Business

Microsoft Intensifies Campaign to support Safer Internet Day

In support of international Safer Internet Day (SID) and following the release of the latest results of the third annual Microsoft Computing Safer Index (MCSI), Microsoft Corporation is embarking on a campaign, asking consumers to “Do 1 Thing” to stay safer online and commit to doing so on a new, interactive website, http://www.microsoft.com/saferonline.  
 
The new site allows Internet users around the world to share how they plan to avoid online risks, learn what other people are doing to help protect themselves, and receive instant tips to enhance their digital lifestyle. 
 
Chief Online Safety Officer for Microsoft, Jacqueline Beauchere, said: “The Internet touches our lives every day; we email to stay connected, share photos and videos, pay bills, and shop. Sometimes, though, the very experiences that we love about the Internet put us at risk.”
 
Anti-Piracy, Legal & Corporate Affairs lawyer for Microsoft Middle East & Africa, Marius Haman, said: “Sub-Saharan Africa is home to one of the world’s fastest growing internet populations, which means more and more people are accessing the internet for the first time, providing a large and unsuspecting base of targets to cybercriminals. Combine this with the lack of strong cybercrime laws and high piracy rate on the continent and its clear why we’re seeing more and more people fall victim to attacks.”
 
According to the MCSI survey, the annual worldwide impact of phishing and various forms of identity theft could be as high as $5 billion, with the cost of repairing damage to peoples’ online reputation higher yet at nearly $6 billion, or an estimated average of $632 per loss. This means that education and guidance about how to avoid online risks remain key and is why Microsoft is asking people to “Do 1 Thing” today and make it part of their daily digital routine.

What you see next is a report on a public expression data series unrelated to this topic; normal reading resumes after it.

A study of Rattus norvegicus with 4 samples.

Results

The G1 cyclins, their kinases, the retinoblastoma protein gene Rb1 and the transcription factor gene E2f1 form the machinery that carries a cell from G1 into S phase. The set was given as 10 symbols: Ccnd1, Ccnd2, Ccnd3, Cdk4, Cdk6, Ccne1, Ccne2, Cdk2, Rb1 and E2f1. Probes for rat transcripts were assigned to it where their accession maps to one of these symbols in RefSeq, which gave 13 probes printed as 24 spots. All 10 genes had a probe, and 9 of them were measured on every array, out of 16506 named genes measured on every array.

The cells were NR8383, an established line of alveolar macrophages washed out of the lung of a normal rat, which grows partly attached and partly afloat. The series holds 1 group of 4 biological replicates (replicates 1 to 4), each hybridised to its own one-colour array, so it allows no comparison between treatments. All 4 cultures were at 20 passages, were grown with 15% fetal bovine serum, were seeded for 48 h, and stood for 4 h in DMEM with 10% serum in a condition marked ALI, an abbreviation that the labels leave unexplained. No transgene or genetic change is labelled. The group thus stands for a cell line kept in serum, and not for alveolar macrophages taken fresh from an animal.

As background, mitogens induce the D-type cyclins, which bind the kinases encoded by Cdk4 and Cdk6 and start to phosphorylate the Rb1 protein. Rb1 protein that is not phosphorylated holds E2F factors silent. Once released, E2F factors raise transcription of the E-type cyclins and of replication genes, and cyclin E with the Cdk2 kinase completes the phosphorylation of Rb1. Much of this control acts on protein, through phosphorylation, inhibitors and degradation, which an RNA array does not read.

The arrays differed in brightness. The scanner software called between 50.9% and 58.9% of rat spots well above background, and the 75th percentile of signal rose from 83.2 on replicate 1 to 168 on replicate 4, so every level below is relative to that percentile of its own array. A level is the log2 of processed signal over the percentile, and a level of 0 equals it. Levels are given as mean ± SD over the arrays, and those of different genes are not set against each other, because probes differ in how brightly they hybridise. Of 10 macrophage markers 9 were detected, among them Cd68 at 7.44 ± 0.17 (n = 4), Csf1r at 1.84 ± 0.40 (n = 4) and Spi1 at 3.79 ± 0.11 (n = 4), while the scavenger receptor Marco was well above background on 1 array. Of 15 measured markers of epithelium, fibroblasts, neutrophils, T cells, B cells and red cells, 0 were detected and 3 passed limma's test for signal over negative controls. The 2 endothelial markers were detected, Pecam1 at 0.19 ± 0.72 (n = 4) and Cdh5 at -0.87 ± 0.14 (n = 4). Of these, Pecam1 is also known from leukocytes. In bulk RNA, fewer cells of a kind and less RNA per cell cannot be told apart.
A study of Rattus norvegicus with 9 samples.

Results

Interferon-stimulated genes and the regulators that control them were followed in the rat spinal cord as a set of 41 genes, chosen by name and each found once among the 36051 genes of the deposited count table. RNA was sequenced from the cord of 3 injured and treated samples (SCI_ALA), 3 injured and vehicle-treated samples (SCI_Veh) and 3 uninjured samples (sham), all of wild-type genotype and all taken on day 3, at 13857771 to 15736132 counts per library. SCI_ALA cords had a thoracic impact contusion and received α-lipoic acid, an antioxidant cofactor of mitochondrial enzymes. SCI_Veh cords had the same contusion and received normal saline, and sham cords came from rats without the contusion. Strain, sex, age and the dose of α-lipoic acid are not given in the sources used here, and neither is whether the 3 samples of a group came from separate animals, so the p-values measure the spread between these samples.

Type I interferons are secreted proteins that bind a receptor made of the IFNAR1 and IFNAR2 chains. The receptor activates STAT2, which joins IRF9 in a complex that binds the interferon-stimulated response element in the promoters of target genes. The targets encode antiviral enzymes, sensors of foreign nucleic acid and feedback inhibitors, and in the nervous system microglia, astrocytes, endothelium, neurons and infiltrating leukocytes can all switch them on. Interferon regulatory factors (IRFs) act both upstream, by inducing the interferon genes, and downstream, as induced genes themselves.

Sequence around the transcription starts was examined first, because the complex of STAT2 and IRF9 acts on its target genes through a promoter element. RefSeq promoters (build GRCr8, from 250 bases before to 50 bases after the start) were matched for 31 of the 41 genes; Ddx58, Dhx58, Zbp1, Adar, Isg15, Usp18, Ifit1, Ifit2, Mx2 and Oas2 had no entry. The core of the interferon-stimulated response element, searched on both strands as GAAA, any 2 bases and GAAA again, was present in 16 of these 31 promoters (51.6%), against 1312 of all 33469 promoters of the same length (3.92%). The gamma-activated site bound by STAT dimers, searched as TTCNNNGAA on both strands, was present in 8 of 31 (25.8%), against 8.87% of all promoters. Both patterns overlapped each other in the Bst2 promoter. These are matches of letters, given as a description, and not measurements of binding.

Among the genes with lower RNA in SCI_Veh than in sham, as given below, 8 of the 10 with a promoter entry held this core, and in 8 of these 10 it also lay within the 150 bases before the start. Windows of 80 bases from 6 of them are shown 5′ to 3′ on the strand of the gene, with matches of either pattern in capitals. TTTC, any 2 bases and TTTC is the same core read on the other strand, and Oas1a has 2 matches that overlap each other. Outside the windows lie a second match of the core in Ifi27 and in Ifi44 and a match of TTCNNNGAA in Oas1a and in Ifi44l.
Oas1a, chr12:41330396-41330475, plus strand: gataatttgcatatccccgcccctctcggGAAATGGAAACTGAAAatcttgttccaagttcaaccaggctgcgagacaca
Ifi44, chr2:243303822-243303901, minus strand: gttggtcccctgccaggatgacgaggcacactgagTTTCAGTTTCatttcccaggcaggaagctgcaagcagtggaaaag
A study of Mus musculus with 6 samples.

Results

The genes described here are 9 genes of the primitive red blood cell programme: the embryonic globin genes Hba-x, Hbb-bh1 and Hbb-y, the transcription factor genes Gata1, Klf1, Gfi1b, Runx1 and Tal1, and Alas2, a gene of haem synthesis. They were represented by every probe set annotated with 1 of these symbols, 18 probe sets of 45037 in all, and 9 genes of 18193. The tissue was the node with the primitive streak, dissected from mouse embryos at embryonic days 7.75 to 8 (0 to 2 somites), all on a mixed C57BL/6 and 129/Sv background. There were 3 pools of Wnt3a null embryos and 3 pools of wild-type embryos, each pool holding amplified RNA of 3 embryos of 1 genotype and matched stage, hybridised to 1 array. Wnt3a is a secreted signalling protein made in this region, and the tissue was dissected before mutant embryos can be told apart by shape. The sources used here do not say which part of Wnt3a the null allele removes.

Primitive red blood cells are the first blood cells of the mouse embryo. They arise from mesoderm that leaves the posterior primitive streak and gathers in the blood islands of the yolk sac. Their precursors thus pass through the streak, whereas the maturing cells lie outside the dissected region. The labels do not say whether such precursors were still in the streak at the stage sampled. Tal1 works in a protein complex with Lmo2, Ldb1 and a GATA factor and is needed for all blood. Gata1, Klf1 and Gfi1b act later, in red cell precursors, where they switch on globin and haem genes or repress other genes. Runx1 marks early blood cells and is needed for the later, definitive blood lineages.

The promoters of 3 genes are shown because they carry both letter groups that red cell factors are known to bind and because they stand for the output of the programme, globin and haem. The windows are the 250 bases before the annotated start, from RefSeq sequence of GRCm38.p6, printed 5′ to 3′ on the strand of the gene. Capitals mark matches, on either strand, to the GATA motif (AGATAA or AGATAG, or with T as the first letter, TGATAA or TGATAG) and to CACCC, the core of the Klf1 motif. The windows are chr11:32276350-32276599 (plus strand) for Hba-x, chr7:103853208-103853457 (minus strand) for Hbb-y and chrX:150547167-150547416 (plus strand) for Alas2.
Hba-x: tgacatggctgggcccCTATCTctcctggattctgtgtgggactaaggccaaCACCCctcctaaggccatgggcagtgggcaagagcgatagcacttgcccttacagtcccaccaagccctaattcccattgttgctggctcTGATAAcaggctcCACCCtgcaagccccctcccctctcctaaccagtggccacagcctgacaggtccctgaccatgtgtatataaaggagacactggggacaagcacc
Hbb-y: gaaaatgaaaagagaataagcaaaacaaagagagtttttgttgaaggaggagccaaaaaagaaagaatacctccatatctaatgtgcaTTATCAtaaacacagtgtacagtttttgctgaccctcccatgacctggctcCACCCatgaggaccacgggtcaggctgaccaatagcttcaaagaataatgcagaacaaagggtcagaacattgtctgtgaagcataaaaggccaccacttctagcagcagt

Of the more than 10,000 consumers surveyed, 15 per cent said they were victims of a phishing attack, losing on average $158., and 13 per cent said their professional reputation had been compromised, costing on average $535 to repair while 9 per cent said they had suffered identity theft at an average cost of $218, according to the survey.
 
Yet despite such losses, only 36 per cent said they limit what strangers see on social networks and the amount of personal information online, while 33 per cent said they adjust their social network privacy settings. And, only 33 percent use a PIN (personal identification number) or password to lock their mobile device.
 
“There are many things you can do to stay safer online. If we all do just one thing, imagine how much safer we all will be, together,” Beauchere said, adding: “Go to our website to share your one thing. Tell the world that you’re committed to helping keep the Internet safer and more secure. And once you do, you’ll be part of that positive change.”